Plans to demolish a historic house which was once a First World War Hospital were refused last night.
Councillors unanimously voted against knocking down Kempston in Granville Road at a meeting yesterday (April 24) after campaigners revealed its historic significance.
Planners had hoped to demolish the building to make way for a block of 16 flats, which would make a positive contribution to the housing target Eastbourne needs to meet.
But historians, the Eastbourne society, Meads Community Association, MP Stephen Lloyd and a 200-signature petition argued it should be refurbished instead.
Campaigners said they appreciate the building isn’t listed but the property is a fine period house with intricate stonework in an area of high townscape value.
They have also found out from old newspaper articles that Kempston was opened as a Red Cross Hospital in March 1915 by Mrs Davies-Gilbert and Miss Helena Catherine Sulman, the commandant of the Red Cross Detachment Sussex/118.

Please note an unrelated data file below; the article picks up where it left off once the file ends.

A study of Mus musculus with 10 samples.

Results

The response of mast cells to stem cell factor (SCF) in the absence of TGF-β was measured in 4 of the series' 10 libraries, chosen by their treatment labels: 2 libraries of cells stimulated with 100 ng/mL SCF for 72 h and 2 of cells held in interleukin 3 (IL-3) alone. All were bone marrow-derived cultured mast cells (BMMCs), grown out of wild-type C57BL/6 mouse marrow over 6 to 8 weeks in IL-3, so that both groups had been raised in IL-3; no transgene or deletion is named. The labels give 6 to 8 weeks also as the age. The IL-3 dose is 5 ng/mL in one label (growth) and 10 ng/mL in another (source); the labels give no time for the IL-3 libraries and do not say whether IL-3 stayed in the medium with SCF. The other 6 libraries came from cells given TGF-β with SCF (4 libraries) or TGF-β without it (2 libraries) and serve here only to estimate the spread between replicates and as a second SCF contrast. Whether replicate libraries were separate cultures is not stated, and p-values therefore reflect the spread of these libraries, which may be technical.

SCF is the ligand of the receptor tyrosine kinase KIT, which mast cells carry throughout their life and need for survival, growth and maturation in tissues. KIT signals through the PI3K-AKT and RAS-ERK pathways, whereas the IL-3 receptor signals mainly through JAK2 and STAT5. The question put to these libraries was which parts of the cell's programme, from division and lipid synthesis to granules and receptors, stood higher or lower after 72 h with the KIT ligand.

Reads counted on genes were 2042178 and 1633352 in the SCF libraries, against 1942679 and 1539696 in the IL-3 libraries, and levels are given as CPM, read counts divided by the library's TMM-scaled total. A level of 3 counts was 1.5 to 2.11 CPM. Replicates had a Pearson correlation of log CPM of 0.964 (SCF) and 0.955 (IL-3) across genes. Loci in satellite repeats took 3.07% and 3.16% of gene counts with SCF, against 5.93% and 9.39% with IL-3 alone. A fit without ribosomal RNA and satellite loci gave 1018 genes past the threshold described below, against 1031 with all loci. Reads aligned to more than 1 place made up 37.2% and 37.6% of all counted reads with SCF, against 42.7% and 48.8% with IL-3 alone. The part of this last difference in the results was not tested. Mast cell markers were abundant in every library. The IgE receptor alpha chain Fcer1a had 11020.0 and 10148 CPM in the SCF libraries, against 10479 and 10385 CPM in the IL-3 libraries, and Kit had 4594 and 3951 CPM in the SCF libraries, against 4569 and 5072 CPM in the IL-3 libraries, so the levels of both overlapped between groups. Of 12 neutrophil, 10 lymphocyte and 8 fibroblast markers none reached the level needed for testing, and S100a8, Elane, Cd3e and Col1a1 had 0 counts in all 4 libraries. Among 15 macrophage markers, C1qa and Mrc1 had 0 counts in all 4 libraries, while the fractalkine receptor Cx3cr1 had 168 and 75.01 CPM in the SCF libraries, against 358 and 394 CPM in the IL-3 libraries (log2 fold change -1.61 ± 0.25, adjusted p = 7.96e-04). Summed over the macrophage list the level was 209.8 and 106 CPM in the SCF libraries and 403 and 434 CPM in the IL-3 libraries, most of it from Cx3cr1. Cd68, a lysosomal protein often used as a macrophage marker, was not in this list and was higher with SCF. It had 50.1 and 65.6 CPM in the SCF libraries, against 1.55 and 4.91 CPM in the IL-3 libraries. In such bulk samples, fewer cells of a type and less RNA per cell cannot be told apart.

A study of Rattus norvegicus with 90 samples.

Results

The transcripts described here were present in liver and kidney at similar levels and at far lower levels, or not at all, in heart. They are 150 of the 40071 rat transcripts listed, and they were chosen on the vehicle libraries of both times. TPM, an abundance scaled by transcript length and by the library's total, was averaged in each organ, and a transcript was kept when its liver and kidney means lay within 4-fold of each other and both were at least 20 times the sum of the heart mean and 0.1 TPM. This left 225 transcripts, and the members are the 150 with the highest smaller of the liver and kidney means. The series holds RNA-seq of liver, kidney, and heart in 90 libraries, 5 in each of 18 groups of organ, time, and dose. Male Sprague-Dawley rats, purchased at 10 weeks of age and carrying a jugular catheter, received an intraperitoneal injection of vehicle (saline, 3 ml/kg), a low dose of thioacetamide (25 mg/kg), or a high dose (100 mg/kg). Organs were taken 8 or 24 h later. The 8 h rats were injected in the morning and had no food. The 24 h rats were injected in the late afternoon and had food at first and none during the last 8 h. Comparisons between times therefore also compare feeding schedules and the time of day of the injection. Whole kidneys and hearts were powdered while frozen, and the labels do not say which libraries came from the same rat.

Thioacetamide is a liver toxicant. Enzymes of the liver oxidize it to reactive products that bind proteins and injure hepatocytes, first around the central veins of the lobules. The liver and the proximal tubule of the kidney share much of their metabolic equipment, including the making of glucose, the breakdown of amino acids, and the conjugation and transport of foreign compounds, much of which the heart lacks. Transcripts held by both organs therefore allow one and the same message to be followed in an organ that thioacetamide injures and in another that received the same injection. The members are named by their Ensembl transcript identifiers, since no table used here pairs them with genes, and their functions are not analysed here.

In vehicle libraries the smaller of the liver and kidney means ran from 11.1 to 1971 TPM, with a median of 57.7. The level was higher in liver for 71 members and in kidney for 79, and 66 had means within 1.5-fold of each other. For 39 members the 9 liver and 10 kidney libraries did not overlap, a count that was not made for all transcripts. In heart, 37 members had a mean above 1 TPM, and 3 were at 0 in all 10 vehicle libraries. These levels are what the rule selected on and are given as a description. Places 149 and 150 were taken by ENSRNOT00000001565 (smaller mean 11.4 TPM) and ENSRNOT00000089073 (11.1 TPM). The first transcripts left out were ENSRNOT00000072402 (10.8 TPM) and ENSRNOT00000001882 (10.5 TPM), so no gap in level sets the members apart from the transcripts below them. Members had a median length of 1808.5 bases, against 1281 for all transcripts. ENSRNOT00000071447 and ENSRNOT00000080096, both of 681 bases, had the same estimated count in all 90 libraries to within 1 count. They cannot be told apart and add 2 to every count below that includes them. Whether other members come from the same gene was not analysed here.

A spokesperson from Friends of Kempston said, “Soldiers from the UK, Europe and Commonwealth countries were brought to Eastbourne from Dover on hospital trains, and nearly 3,000 were treated at the hospital, many receiving successful operations in the operating theatre.
“Six soldiers who died at the hospital are commemorated on the First World War memorial at St Saviour’s and St Peter’s Church.”
The Eastbourne Society’s Nicholas Howell has also voiced the organisation’s opposition to the plans.
He said, “Although Eastbourne is fortunate to have many fine Victorian villas, some stand out as being particularly attractive and Kempston, with its fine proportions and lavish detailing, is one of these.
“Too many fine Victorian villas have already been lost in this highly important architectural Meads district.
“The demolition of Kempston would be a great loss to the area and deserves to be included in the list of buildings of local interest.”